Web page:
Transmission in Italian Family Recombinomics
The above translation from the Italian Ministry of Health describes the transmission of D225G (aka D222G) within a family in Italy. Media reports indicate the index case (24M) was on an ECMO machine and in an induced coma for 15 days. He eventually recovered as did a family member, who had a milder course. Sequences from both patients had D225G, confirming trasmission within the family, or transmission to the family from a common souce.
Although some initial comments from Norway suggested D225G was spontaneous and did not transmit, there was no scientific basis for such a statement. Norway re-evaluated samples because of sequences from Ukraine, which had D225G in multiple fatal fatal cases from multiple locations in western Ukraine, providing the georgraphical and temporal data supporting transmission. Although an ECDC report also cited spontaneus mutations, the WHO document on D225G merely said that the detection was sporatic. D225G or D225N had already been found in 8 cases in Ukraine and all 8 appeared to be fatal including two cases which had both changes. In Ukraine all sequences were on the same general genetic background, which contained two markers on PB2, one of which was K340D. However, within Ukraine there were well define subclades and D225G had crossed sub-clades, supporting jumps via recombination.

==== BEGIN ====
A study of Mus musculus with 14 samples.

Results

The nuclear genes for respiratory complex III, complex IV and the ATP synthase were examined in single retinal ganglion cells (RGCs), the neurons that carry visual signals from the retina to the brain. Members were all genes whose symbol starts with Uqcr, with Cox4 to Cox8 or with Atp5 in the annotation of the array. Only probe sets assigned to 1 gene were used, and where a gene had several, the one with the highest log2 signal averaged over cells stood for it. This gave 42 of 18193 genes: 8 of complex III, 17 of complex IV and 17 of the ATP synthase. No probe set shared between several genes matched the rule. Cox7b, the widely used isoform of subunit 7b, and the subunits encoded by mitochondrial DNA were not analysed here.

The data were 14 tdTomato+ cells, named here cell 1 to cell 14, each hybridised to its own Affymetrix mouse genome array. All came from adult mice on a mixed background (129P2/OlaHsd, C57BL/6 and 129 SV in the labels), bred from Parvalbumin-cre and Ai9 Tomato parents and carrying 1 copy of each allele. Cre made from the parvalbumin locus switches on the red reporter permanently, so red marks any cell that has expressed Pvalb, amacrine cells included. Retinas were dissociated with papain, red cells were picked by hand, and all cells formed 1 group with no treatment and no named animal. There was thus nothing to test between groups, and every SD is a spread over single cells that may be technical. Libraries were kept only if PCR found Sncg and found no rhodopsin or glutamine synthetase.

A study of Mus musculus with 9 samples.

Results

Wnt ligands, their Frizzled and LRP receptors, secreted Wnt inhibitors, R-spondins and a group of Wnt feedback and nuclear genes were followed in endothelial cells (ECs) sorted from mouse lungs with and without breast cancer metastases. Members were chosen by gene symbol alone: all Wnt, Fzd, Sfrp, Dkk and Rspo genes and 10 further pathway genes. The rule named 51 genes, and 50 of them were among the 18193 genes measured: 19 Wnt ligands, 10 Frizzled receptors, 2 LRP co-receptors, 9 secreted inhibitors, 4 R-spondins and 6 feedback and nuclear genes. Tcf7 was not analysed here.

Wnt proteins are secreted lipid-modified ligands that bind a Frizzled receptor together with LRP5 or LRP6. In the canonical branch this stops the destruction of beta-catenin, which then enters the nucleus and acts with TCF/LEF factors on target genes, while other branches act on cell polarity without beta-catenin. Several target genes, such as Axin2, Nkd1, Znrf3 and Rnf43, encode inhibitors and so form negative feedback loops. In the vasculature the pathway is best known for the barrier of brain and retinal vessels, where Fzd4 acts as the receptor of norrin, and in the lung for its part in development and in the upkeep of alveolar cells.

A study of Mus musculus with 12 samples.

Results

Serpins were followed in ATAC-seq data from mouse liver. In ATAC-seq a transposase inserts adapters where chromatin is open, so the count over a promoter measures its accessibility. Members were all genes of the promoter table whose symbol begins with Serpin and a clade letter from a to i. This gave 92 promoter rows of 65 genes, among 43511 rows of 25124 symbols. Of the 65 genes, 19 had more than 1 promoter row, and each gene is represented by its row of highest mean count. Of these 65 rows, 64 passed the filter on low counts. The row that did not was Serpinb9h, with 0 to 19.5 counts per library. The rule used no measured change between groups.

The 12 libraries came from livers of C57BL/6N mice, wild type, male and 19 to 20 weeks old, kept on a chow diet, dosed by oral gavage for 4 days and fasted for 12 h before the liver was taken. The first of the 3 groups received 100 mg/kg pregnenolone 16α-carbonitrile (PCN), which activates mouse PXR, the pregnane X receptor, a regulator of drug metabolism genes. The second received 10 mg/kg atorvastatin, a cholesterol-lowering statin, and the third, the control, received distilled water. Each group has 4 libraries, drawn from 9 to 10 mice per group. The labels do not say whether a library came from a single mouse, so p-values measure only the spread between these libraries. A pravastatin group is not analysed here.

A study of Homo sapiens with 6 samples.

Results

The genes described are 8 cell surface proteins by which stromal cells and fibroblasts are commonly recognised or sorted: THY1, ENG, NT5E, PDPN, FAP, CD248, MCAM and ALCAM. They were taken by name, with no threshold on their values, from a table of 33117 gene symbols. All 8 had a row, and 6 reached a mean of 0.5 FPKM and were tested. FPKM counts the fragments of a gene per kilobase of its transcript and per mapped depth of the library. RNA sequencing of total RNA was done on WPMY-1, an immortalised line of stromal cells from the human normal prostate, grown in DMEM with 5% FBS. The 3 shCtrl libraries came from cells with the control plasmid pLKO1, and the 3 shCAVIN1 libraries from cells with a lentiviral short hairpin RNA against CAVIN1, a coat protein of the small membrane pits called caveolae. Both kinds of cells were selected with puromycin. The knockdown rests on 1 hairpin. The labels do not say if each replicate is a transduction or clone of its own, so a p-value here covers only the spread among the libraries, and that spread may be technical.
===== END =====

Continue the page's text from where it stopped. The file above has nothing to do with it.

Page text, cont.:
In the Italian cluster above, both family members survived and one case was mild, even thogh both cases had D225G. However, influenza is a heterogeneous disease and results can vary, even when the same virus infects two family members, because of host factors as well as viral levels in the initial infection.
This differential response was also seen in a familial cluster in Romainia which likely involved D225G. One family mmeber (46M) had a mild course, while two other family members (42F and 19F), and the fiancee (21M) of the daughter were hospitalized, and two cluster members died (42F and 21M) creating a CFR of 50% within the cluster and an attack rate of 100%.
Thus, highly lethal H1N1 variants can be both lethal and transmissible.
The case fatality rate in several countries is 100% for D225G/N isolates raising concerns that the spread of such variants would be catastrophic if such variants become dominant. Sequence data on these familial clusters as well as additional fatalities in Ukraine and surrounding countries would be useful.